This one is really a simple folk tale from a book by Children’s Book Trust that I recently bought. The comparisons just flashed in my head based on a client engagement earlier that day. Keeping with the text in original form, I have kept the language simple. Read on…
Baloo, a trader, lived in Gujarat. So stingy was he with money that he didn’t like spending money even upon himself, leave alone others. Coming back from work one day, he spotted a Date tree with rich fruits hanging near the top…he was tempted.
The question now was, how to reach the top? Paying an expert tree-climber would cost money, and he didn’t know how to do it himself. Preferring to save money, he decided to climb the tree himself, and somehow managed to reach the top.
Just as he was reaching out to finally pluck the fruit, he looked down, and nearly fell – land seemed far away, he hadn’t noticed how far he had come, and now he had no idea how to get back down.
He looked around for help, finding none, he started to pray to God. He promised that if he reached to safety, he’d feed a thousand brahmins.
The prayer seemed to have bolstered his strength and somehow slipped down a bit, land seemed closer by…and “feeding a thousand brahmins for ‘just this much’ does seem a bit steep, five hundred should suffice,” he thought.
Five hundred became two hundred, and then even less. Finally when his feet touched the ground, he heaved a sigh of relief and promised to God that he will feed ONE brahmin, for sure.
On the way back home he kept thinking about ways to keep the cost of feeding the brahmin as low as possible and decided that the trick would in finding someone who ate really little.
He reached his village and after some asking around, was told that Janki Das, a brahmin, ate very little. What he did not know was that Janki Das was also a very sharp and wicked creature. When Baloo extended the lunch invitation to Janki Das, he promptly accepted.
Baloo reached home and told his wife Shyamali about the promise and about Janki Das coming for lunch the next day. He also advised her to keep the cost as low as possible.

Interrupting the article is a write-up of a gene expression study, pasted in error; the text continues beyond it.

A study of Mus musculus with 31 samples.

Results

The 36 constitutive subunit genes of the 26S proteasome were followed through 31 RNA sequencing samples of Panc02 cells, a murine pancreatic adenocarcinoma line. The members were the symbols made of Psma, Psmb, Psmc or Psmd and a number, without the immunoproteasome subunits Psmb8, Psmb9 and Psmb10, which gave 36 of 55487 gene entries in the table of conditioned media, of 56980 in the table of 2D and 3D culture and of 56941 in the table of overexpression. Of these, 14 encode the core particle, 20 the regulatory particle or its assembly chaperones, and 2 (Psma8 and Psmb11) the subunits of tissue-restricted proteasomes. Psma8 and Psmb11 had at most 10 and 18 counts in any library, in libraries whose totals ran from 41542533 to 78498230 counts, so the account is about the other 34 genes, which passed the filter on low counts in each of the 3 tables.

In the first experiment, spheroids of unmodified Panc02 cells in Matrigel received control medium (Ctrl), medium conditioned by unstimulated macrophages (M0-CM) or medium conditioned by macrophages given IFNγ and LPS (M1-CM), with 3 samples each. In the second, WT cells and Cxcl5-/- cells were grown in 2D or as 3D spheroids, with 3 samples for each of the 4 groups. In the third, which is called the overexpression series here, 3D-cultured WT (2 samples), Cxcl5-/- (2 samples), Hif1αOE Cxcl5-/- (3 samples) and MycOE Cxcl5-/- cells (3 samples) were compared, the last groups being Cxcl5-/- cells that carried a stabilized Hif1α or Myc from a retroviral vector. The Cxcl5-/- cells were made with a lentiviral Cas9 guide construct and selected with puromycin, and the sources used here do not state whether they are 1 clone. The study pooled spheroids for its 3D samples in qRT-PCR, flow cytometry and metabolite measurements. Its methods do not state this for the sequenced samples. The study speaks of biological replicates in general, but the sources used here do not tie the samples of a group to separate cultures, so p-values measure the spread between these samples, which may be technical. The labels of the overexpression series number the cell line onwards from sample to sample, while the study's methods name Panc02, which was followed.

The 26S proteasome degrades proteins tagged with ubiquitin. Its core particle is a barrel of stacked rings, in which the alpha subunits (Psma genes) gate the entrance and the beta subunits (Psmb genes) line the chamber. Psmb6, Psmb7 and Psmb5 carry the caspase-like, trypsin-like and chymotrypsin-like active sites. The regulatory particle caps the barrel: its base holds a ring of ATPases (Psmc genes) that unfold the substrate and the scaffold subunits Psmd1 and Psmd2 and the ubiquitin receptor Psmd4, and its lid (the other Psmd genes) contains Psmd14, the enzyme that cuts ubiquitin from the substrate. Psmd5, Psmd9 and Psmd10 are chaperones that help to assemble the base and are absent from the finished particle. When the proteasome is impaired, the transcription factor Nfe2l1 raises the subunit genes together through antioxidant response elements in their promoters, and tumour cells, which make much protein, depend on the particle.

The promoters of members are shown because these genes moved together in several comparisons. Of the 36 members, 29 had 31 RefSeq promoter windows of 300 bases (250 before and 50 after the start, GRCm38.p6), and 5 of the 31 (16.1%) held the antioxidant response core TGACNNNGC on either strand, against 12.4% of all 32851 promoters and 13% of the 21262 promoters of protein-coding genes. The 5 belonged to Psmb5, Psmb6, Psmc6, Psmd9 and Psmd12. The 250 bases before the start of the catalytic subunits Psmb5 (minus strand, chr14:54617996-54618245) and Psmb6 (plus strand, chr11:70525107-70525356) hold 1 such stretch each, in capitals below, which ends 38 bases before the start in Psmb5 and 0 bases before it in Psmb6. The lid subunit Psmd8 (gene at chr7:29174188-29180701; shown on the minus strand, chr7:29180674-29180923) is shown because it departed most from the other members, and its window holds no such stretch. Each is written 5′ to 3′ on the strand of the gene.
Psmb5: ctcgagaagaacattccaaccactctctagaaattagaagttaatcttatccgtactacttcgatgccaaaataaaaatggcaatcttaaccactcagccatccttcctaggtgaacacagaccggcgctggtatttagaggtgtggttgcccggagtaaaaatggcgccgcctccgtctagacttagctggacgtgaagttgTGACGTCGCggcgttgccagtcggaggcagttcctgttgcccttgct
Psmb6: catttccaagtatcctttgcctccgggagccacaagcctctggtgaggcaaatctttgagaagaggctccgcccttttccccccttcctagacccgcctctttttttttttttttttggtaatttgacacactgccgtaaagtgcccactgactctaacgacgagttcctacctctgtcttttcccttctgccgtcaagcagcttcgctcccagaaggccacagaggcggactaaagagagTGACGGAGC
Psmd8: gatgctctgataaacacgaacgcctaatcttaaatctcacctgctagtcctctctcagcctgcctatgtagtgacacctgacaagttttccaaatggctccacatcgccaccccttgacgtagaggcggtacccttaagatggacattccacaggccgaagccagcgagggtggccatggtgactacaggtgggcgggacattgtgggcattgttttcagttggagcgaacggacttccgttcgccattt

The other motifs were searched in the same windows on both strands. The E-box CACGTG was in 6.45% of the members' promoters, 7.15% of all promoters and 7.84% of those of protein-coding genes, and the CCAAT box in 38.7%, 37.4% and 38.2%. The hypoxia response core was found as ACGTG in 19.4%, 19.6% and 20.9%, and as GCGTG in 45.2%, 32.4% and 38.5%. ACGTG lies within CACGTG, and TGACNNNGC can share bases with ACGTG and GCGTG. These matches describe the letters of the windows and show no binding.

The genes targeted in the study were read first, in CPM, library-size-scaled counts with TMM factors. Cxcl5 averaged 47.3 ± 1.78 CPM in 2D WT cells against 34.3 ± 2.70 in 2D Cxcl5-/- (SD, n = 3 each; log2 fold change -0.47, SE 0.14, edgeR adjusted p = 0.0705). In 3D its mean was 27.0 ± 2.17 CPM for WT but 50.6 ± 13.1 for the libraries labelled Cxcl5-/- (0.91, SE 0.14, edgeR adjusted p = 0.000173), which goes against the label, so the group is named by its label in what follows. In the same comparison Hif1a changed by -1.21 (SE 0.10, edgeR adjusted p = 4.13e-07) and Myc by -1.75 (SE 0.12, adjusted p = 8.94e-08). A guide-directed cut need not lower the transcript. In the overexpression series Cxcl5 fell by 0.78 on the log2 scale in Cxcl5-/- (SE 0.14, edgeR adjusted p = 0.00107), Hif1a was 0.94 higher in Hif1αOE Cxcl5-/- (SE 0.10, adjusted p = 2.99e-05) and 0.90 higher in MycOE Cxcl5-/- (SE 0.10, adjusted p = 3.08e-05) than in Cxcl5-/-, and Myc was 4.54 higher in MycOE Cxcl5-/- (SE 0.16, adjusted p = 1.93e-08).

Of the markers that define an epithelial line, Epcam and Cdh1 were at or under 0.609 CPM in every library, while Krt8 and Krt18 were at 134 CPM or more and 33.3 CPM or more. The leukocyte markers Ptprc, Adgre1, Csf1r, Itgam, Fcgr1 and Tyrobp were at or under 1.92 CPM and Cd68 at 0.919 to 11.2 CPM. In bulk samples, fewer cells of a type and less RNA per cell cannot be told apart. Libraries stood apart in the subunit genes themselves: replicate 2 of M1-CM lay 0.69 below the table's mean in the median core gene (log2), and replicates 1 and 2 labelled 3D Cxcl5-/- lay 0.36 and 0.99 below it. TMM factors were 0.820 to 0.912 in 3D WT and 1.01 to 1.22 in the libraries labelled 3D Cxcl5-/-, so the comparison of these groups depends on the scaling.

Next day, which was the weekly bazaar day, Baloo thought he would be better off doing business to make up for the loss incurred on feeding Janki Das, and decided to let his wife fulfill the lunch commitment.
When Janki Das, the brahmin, saw Baloo leave for work and landed at his place early, smelling an opportunity. Shyamali was surprised to see the guest come so early. Janki Das told her “I thought let me see if you need any advice on how to prepare for the feast, so enroute to the temple, I decided to stop at your place.”
Shyamli listed all items on the menu; Janki Das appeared pleased but cautioned her that while he is coming for lunch alone, quantities for about 10-12 people needed to be prepared. He also advised Shyamali to prepare 3 different sweets to please Lord Ganesha, the remover of hurdles.
Later when Janki Das returned for lunch, he advised Shyamali to offer 2 gold coins as to please the Gods. “Baloo didn’t mentioned anything about the coins,” thought Shyamali, but not wanting to displease the Gods, she got the coins and offered them to Janki Das.
Janki Das ate his fill, and packed the rest for his family. On the way out, he demanded 10 more gold coins as his dakshina (traditional gift given to a priest as part of a religious ceremony). Shyamali was baffled and knew that her husband wouldn’t like this, but, again, didn’t want to displease a brahmin either.
Janki Das, satiated, reached home and warned his wife that an angry Baloo would likely come home and explained a few things to her…
Baloo reached home late evening and heard the episode from Shyamali. Livid, he rushed to Janki Das’ place, armed with a thick stick.
As soon as Janki Das’ wife saw an enraged Baloo coming at them, she started to cry out loudly, beating her chest “You poisoned my husband, what did you feed him? If anything happens to him, you won’t be spared by the police, I promise you that…”she cursed.
Taken aback, Baloo was now terrified. “Please don’t speak so loudly,” he pleaded and continued “Why don’t you call a doctor?”
“Call a doctor? Where do I have the money for that. Give me 10 gold coins so I can call for a doctor,” said the wife.
“If he dies, you will be dead too.”
Baloo asked for the priest’s son to accompany him back home, and , trembling, handed over 10 gold coins to the boy.
“God, save me please – I will feed a 1000 brahmins.” he promised.
So what are the learning?
Encountered a Baloo, a Janki Das yourself? :)
Disclaimer: Views of authors are personal and do not represent the views of Blogworks, or any of its clients.